U.S. Coast Guard Patrolling Persian Gulf
Autarchic 2012/02/16 15:52:15
The Coast Guard in Vietnam
(Copied from The Coast Guard Reservist, November 1996 by Vern Toler)
Vietnam is usually remembered as a war fought jungles and rice paddies. But there was another conflict as well, a sailor's war, much of it fought from the decks of United States Coast Guard Cutters. The Coast Guard played a significant role in securing Vietnam's 1,200-mile coastline. Some 8,000 Coast Guardsmen and 56 different combatant vessels were assigned to duty there. Coast Guardsmen destroyed enemy supply ships, supported ground units, rescued American and other friendly forces, and performed many more duties, including carrying out humanitarian roles which are common to the Coast Guard. Yet The Coast Guard's involvement in Vietnam Was is still little known. So this year, as America salutes its servicemen and women on Veterans Day, We pause to remember in particular our Coast Guardsmen who served in a land thousands of miles from home, Vietnam, roughly three decades ago.
Early in the Vietnam War, The Viet Cong and North Vietnamese obtained their supplies in many ways. Forces allied with the Republic of South Vietnam could not stop the enemy's flow of men, arms and supplies.
During February 1965, A U.S. Army pilot flying over Vung Ro Bay near Qui Nhon noticed an "island" moving slowly from one side of the bay to the other. Upon closer observation, he saw the "island " was a carefully camouflaged ship.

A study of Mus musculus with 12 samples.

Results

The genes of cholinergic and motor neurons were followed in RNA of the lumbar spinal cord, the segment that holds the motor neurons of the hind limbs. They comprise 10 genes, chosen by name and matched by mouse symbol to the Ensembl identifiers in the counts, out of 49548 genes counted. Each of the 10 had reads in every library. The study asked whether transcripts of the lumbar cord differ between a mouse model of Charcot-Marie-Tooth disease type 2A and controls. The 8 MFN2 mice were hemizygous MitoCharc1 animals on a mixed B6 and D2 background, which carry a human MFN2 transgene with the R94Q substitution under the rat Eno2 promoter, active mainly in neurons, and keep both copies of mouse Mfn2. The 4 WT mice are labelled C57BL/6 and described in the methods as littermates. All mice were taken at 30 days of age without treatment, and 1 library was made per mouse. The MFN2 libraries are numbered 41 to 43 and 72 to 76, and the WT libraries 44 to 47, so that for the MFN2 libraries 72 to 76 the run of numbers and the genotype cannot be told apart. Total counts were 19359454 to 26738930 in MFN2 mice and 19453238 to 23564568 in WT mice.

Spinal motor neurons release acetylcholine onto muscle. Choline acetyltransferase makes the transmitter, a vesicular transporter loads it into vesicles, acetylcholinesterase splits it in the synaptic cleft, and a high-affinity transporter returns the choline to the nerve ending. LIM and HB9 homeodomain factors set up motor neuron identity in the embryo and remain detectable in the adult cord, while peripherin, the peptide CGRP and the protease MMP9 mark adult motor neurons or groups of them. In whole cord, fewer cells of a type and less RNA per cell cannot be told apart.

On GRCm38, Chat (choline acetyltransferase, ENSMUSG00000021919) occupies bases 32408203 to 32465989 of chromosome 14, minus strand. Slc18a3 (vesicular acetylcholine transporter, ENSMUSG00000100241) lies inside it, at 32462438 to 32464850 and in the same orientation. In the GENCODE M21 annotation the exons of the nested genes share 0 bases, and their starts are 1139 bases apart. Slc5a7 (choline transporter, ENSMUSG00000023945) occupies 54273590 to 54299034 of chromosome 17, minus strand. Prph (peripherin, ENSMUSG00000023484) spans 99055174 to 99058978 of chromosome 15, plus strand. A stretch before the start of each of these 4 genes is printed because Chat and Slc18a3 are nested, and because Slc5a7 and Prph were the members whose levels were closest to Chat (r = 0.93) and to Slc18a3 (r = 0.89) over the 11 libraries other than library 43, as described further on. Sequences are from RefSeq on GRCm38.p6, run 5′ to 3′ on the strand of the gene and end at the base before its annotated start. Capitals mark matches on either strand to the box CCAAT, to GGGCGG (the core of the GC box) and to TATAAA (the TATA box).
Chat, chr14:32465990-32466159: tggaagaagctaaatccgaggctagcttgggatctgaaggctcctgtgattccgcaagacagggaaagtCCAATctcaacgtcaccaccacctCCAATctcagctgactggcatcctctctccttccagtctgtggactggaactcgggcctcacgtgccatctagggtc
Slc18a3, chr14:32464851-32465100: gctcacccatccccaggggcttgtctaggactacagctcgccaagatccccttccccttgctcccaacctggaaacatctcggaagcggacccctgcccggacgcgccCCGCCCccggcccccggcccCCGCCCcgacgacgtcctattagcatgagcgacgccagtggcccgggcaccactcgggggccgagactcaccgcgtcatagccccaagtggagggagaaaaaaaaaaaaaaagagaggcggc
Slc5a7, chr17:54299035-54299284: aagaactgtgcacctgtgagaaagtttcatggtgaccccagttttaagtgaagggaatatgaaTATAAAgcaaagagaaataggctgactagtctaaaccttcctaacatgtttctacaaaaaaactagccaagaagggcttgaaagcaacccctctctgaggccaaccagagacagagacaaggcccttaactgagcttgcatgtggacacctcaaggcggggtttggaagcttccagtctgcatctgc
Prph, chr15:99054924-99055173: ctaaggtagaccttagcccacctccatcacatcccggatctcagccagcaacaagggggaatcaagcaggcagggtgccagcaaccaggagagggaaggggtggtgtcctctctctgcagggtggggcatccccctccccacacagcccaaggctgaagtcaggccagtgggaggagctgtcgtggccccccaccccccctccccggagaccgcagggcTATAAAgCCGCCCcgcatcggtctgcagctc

Intelligence sources determined the ship was North Vietnamese and engaged in supplying enemy forces. Air strikes were called in and the vessel was sunk.
A tight security and surveillance system was necessary. This would be no easy chore with 1,200 miles of coastline to patrol and over 60,000 junks and sampans to control. To provide this coverage, the Coastal Surveillance Force was established in March 1965, called Market Time after the native boats using the waterways for fishing and marketing, this task force provided a single command to integrate sea, air, and land-based units and coordinate U.S. Navy, Coast Guard and South Vietnamese naval units.
The backbone of the Coast Guard Fleet were the twenty-six 82-foot patrol boats (WBP). Known as Squadron One. The 82-footer's main job was choking off the enemy's sea borne supplies. Much of the action took place near the border, Division 12, out of Danang in the north, patrolled the 17th parallel. Division 11, based at An Thoi in the south, guarded the border between South Vietnam and Cambodia. At first, these patrol boats formed a barrier from the shore straight out into the ocean. They were to cut off the enemy as they tried to enter South Vietnamese waters. But the North Vietnamese sent their supplies in large steel-hulled vessels far out to sea and beat the blockade by going around it.